Last season, the Golden State Warriors struggled to gather momentum throughout the regular season. A poor road record was one of the main reasons for this.
This season, the champions have an early-season gauntlet of road games that could test their championship credentials. Here are the challenges that lie ahead for the Golden State Warriors.
1. Golden State Travels to Los Angeles
Last season the Warriors started slowly and found themselves fighting for their playoff lives in November and December with a slew of disappointing losses to lottery-bound teams including the Hornets, Pistons and Pelicans. Getting off to a strong start in 2022-23 is imperative, as the team looks to avoid a repeat of last year’s early struggles and prove they can close out games efficiently.
The Warriors open the regular season with three back-to-backs, all of which are on the road and come against opponents that didn’t make the playoffs last year. This isn’t a recipe for disaster, but it will be an early litmus test to see whether the Warriors can adjust to the new reality of an 82-game schedule.
They’ll then host the 76ers and Clippers in their next two home games before embarking on their longest homestand of the season, with 10 out of 11 games at Chase Center from December 19 to January 10. Their first trip out of California will be to Denver for a Christmas Day matchup against the defending champs.
Gear up for an exhilarating season with the Golden State Warriors! Don’t miss a single slam dunk, three-pointer, or epic showdown. Your golden experience awaits – check the Golden State Warriors Schedule here.
2. Golden State Travels to Houston
After a slow start last season that saw them lose five-straight games on the road, the Warriors went on to win three straight. It was a turnaround that largely came down to the play of their veteran core. But the Warriors can’t afford to make any similar mistakes this year if they hope to retain their title defense.
That starts in December when Golden State plays 14 of its first 22 games on the road, including a five-game trip in which the Warriors will face a trio of lottery-bound teams. Then the schedule gets tougher in January, with a seven-game stretch that includes a trip to altitude to play the defending champion Denver Nuggets. And then the Warriors will begin April with a four-game road trip against playoff teams from each of the past two seasons. It could be a test of the team’s resiliency as it tries to get back to the top of the West.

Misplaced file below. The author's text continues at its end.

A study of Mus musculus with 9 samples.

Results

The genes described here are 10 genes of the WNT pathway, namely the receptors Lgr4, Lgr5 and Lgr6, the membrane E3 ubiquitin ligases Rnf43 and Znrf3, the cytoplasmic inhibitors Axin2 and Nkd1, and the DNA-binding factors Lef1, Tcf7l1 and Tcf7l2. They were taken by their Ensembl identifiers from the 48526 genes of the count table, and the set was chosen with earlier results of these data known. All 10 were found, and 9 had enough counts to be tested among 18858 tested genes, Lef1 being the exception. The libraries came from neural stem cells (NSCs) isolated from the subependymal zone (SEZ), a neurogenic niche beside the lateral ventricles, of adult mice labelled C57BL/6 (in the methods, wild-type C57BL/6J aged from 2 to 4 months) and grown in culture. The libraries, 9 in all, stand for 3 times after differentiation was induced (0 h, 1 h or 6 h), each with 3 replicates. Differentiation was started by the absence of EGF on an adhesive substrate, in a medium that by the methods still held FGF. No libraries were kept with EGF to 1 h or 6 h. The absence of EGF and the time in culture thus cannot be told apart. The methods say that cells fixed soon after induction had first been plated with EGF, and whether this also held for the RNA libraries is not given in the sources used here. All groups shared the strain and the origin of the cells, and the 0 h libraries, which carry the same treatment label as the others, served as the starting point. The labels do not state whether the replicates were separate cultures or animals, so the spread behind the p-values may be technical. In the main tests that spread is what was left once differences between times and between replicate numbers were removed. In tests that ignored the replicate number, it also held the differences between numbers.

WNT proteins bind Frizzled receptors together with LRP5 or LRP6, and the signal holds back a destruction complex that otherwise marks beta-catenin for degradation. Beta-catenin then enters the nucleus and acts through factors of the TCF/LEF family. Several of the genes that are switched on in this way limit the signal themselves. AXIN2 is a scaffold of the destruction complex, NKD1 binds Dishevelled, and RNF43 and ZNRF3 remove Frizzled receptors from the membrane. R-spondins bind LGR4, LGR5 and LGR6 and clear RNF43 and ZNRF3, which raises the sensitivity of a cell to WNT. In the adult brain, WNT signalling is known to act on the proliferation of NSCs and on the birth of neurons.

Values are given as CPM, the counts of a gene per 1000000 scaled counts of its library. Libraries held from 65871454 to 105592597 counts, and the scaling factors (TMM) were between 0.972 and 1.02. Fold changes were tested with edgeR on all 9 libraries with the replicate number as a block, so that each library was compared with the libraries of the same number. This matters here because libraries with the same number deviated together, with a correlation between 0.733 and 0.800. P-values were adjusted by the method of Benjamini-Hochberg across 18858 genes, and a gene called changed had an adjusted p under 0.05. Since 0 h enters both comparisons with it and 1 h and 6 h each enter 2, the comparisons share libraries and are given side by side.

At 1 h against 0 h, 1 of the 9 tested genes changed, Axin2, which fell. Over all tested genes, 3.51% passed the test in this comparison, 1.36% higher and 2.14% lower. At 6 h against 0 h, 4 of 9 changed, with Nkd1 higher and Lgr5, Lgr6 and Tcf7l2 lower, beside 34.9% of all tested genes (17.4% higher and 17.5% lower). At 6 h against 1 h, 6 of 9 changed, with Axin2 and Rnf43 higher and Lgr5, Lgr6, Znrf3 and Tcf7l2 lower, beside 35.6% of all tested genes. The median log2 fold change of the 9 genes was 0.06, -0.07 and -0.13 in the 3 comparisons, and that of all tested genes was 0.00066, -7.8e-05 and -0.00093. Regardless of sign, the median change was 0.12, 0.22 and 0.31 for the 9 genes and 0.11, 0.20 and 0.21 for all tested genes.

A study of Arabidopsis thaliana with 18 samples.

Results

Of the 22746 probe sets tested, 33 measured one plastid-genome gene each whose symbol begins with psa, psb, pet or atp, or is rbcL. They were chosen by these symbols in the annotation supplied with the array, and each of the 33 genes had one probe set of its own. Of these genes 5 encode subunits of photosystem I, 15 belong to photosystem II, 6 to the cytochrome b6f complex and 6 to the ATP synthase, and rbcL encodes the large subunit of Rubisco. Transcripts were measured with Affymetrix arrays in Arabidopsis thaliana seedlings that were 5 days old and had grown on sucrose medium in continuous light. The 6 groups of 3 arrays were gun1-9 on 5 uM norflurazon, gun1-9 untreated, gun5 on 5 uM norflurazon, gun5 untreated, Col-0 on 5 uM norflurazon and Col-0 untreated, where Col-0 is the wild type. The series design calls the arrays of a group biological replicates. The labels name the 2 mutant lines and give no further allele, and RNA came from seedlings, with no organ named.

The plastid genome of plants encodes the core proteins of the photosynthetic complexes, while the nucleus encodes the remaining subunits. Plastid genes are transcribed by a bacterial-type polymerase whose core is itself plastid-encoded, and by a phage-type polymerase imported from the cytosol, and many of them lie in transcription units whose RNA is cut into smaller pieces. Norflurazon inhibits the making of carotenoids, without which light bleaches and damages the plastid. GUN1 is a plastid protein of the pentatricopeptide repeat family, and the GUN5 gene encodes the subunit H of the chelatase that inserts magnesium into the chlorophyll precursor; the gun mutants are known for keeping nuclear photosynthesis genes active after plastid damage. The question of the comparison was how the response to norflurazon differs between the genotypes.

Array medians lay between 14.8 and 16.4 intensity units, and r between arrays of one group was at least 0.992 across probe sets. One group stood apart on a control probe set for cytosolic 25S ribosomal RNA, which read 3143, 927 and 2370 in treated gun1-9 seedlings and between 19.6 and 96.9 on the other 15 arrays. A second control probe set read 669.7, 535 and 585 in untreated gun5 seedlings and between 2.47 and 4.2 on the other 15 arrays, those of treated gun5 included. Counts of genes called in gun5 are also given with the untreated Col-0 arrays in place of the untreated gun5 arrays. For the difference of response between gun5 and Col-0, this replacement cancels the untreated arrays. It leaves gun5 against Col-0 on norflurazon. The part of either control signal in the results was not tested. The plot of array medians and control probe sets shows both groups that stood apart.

3. Golden State Travels to New Orleans
After a brief break for the NBA Cup quarter-finals, semifinals and finals (Dec 2-12), Golden State opens its second month with 10 of their next 11 games at home. This includes a Christmas Day showdown with the Denver Nuggets, who pushed the Warriors to seven games in last year’s Western Conference first-round playoff series.
The Warriors’ recurring issues with giving up late-game leads were an issue last season, and it’s something they must address once again. Luckily, the Warriors’ veteran core — including Stephen Curry, Draymond Green, Klay Thompson and Kevon Looney — has experience smelling blood in the postseason.
The Warriors’ longest back-to-back set of the season comes in late January, with a visit to New Orleans and a game against the Sacramento Kings. The two teams met twice last season, with the Warriors winning both matchups. The meeting with the Pelicans will also be a chance to see how well ballyhooed rookie Victor Wembanyama has developed.
4. Golden State Travels to Memphis
If the Warriors are going to reclaim their championship legacy, they’ll need to improve their road game. In the past two seasons, they’ve been put to the test on hostile courts in Los Angeles and Houston, overcoming adversity along the way.
That resiliency will be tested early on in this visit to Memphis, a place that doesn’t play well for the Dubs. This game also kicks off a five-game, nationally televised trip that includes stops in Sacramento and Cleveland.
The Grizzlies will be fighting for their playoff lives and the second seed in the West when they meet Golden State, who represents a new era of basketball. They operate largely from the perimeter, relying on speed and ball movement to conduct a free-flowing symphony for spectators. That style can be unnerving for teams that haven’t adapted, like Memphis, who has a roster led by seasoned veterans but is struggling this season.